New Products from Bond No. 9 and the Story Behind the Company

On the heels of a perfume and exclusive holiday gift collection launch, Laurice Rahme, founder of Bond No. 9, visited Saks Fifth Avenue at the Town Center at Boca Raton late last week. Her brand features an extensive line of luxury women’s, men’s and unisex fragrances as well as candles and body crèmes inspired by New York neighborhoods.

Bond No. 9’s latest scent is Washington Square, channeling the elegance-meets-rebellion of the urban spot. Rahme says the scent is most distinguished by a nontraditional mix of rich purple rose and leather accord. “It’s the new generation of fragrance,” she says. Also inside the bottle, which features a blue, photo-negative image of Washington Square’s arch entryway, are notes of tarragon, Italian bergamot, geranium, honey, vetiver, musk and vintage amber. The fragrance retails at $230 for 3.4 ounces, $170 for 1.7 ounces and $95 for a gold pocket spray.

Among the holiday gift collection are gold pocket spray sets. A box of six best sellers (West Side, Hamptons, High Line, Nuits de NoHo, Astor Place and The Scent of Peace) is $320, box of three (Nuits de NoHo, Astor Place and The Scent of Piece) accompanied by a white pouch is $200 and a solo boxed fragrance with pouch is $85.

Rahme, who moved to New York in 1974, founded Bond No. 9—named after the address of its headquarters in NoHo—in October 2003. In the United States, it is sold exclusively at bondno9.com, at the four Bond No. 9 New York Boutiques and at Saks Fifth Avenue.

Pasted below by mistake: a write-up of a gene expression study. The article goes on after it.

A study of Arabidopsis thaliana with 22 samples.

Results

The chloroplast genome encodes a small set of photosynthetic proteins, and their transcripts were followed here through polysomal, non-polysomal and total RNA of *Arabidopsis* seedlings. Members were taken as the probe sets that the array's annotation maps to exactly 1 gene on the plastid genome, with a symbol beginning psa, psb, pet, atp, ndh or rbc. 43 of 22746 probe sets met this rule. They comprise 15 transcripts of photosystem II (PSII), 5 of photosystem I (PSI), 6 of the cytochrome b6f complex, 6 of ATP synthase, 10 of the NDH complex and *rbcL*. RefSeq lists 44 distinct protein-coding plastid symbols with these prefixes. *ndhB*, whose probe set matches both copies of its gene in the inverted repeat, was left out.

Born to a French mother and Lebanese father, Rahme grew up in Paris and studied art at École du Louvre at the Louvre Museum. “I would buy and sell antiques while I was at the Louvre,” she says. The founder of Lancome became a customer at her antiques shop, and in trying to bargain with her on a table, recognized that she was a fantastic salesperson. He invited her to join Lancome, and for 11 years, Rahme became the international training director, spreading the brand of skincare, makeup and fragrance throughout the Middle East.

She went on to introduce French perfume companies Annick Goutal and Creed to America during the next 16 years before deciding to found her own brand of perfume in order to work with products she could keep off the gray market. “When you do your own [line], nobody is going to come and sell it half price across the street,” Rahme says.

The September 11 attacks also inspired the startup of Bond No. 9. “It smelled really bad—the smoke—and it lasted for months and months and months. So I decided to make New York smell good again,” she says.In this venture, it’s not about fragrance. It’s really about New York.”

In concocting each fragrance—from Coney Island to Wall Street to Riverside Drive—it’s just a feeling,” Rahme says. “You have to stick with your instincts … ‘What’s happening in the neighborhood?,’ ‘What is the attitude?'” She also considers the people in the neighborhood: “‘Why are they there?,’ ‘What are they doing there?,'” she says she asks herself.

This also influences the imaging on the perfume bottles, the shape of which Rahme says is designed to look like a person. Why? “Because once you have a person, then you can dress her up in different outfits,” she says. “The same bottle, the same person, but it looks different.”